Thursday, November 18, 2010

Truffle lechon, anyone?

It was a hot afternoon in Cebu and I was excited to have a taste of the Zubuchon, the much talked about roast pig by Marketman of Market Manila.

I had high expectations for the lechon, said to be prepared using homegrown organic ingredients, especially after well-known boar buff Anthony Bourdain called it the "best pig ever."

"(Anthony Bourdain) is incredibly intelligent and fantastic to work with. He ate a huge piece of the skin," Marketman shared his experience with Bourdain as his crew hand-turned the lechon on bamboo poles over charcoal.

Three pigs were prepared that day, and seeing them getting cooked right before my very eyes was an experience in itself.

And just when I thought I was up for one of the best meals of my life, Marketman revealed a sweet surprise -- one lechon was infused with the deep, rich flavor of black truffles. 


It was the smallest of the 3 pigs -- or the lechon de leche -- that got a fancy French makeover that day.

Roughly 3 and a half kilos, the little pig was seasoned with garlic, onions, rosemary, thyme, black pepper, truffle salt and black truffle puree, which was made using whole truffles and olive oil.

Just like the regular Zubuchon, the truffle lechon got hand-turned on a bamboo pole for about 2 and a half hours until its skin became as crisp as chicharon (pork cracklings).

"The skin should crust up in the same way chicharon would crust up," Marketman said.

The Marketman's lechon was uneven and has bubbled up like blistered human skin, not as pleasing to look at compared to the perfectly browned pigs seen in most lechon shops in the Philippines.

"This is how lechon should really look like. The commercial lechon you see is evenly browned either because it's painted with soy sauce or it's blow torched to even out some parts," Marketman explained.

He continued, "We're less concerned about the looks. All that matters is that it tastes good."

Marketman believes that the best-tasting lechon can be made using the freshest ingredients and old-fashioned methods.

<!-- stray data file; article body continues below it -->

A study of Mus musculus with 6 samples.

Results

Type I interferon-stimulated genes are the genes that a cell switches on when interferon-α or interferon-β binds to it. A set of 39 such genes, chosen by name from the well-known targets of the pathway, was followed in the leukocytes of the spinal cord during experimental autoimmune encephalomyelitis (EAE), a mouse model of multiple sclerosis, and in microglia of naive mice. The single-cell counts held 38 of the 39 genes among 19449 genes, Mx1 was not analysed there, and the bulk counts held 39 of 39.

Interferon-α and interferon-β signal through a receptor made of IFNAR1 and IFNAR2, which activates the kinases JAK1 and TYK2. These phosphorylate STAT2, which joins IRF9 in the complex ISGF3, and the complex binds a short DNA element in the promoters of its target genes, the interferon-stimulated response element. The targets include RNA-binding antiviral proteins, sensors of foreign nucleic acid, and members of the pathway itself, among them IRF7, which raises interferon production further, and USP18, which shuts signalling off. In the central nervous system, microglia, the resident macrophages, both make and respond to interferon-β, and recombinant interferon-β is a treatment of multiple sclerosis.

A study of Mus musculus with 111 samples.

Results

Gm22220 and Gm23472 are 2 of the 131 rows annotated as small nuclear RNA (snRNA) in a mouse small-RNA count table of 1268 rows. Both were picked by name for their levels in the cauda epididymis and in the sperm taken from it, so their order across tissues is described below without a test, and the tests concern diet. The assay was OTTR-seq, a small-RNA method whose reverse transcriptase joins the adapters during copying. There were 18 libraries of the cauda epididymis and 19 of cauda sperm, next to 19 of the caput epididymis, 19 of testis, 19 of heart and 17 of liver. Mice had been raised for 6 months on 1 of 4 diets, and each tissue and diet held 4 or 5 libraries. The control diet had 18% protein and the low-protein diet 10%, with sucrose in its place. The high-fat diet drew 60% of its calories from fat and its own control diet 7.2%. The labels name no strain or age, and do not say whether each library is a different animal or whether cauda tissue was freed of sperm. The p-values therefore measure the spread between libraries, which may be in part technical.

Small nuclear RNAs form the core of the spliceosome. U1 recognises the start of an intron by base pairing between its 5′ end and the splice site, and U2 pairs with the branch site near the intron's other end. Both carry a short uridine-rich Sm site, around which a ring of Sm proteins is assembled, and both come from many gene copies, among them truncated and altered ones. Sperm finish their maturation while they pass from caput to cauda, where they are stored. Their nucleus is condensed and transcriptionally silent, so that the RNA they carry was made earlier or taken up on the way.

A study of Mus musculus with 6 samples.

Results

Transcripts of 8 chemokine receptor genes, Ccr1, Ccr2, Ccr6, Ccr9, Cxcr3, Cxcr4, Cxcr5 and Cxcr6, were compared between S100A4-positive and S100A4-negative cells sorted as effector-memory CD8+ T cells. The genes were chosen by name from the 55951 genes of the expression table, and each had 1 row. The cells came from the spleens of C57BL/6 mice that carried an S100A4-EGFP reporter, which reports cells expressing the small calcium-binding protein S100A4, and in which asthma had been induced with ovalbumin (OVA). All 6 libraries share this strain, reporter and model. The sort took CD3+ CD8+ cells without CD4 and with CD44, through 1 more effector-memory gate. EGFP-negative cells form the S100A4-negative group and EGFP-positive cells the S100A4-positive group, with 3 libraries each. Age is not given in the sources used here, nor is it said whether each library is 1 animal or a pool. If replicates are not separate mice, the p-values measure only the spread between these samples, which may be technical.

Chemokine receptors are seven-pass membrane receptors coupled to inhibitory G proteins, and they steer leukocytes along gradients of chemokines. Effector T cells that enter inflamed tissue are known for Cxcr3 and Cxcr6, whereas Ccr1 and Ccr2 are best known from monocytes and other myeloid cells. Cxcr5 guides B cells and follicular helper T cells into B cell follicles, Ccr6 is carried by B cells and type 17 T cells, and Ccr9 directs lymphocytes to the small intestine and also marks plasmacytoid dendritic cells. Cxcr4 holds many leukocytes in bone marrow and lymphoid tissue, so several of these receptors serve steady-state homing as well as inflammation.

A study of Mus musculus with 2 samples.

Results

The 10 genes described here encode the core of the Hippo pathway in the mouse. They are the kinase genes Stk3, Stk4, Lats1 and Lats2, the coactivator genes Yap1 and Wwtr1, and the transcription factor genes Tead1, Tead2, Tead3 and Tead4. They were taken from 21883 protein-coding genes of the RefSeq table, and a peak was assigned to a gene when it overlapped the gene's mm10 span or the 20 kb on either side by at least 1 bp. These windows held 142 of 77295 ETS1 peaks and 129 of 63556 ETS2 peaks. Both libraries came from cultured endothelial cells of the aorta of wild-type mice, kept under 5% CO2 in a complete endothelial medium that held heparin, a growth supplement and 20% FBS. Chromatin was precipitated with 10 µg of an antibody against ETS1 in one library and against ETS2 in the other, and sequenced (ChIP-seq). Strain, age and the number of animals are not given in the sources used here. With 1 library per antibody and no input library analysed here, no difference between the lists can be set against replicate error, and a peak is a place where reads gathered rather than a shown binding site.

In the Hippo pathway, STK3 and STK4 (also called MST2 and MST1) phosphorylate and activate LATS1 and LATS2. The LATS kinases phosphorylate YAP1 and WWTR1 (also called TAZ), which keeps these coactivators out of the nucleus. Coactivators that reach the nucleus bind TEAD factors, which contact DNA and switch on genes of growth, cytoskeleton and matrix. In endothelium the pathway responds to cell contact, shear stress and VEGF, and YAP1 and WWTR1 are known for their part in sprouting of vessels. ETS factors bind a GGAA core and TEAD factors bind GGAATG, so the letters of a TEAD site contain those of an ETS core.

And he was right. The truffle lechon was a highly refined version of the favorite Filipino delicacy, from the succulent, tender meat with a hint of the truffles' earthy taste to the crispy, candy-like skin.

I opted not to eat it with gravy or any of the sauces that Marketman prepared as these will mask the pièce de résistance -- the slather of black truffle puree in the pig's cavity.

Truly, the dish was one for the books. Unfortunately for most people, the truffle lechon is not for sale -- at least for now -- since it's more expensive to make than 2 large lechons.

"A lot of people have asked us to sell it, but for now, we don't," Marketman said.


Aside from the truffle and regular lechons, Marketman prepared other dishes inspired by the roast pig.

There's the lechon sisig -- chopped pig parts tossed with chilies for an added kick -- and the lechon sinigang, where the star of the show is swimming with vegetables in sour broth.

Both dishes tasted good, but none of them compared to the experience of tearing off a piece of crispy skin from freshly cooked lechon.

Marketman said he has also tried making lechon rice, lechon salad, lechon empanadas, even lechon sandwiches as he continues to reinvent the traditional Filipino delicacy.

But so far, he said his best creation yet is the black truffle lechon. Now I wonder how Bourdain would feel if he got his hands on this beautiful creature.

Cebu City
For orders, call (632) 236-5264 or (63917) 627-4761 

KEIX'S NOTE: This piece first appeared on (Click here to view the article).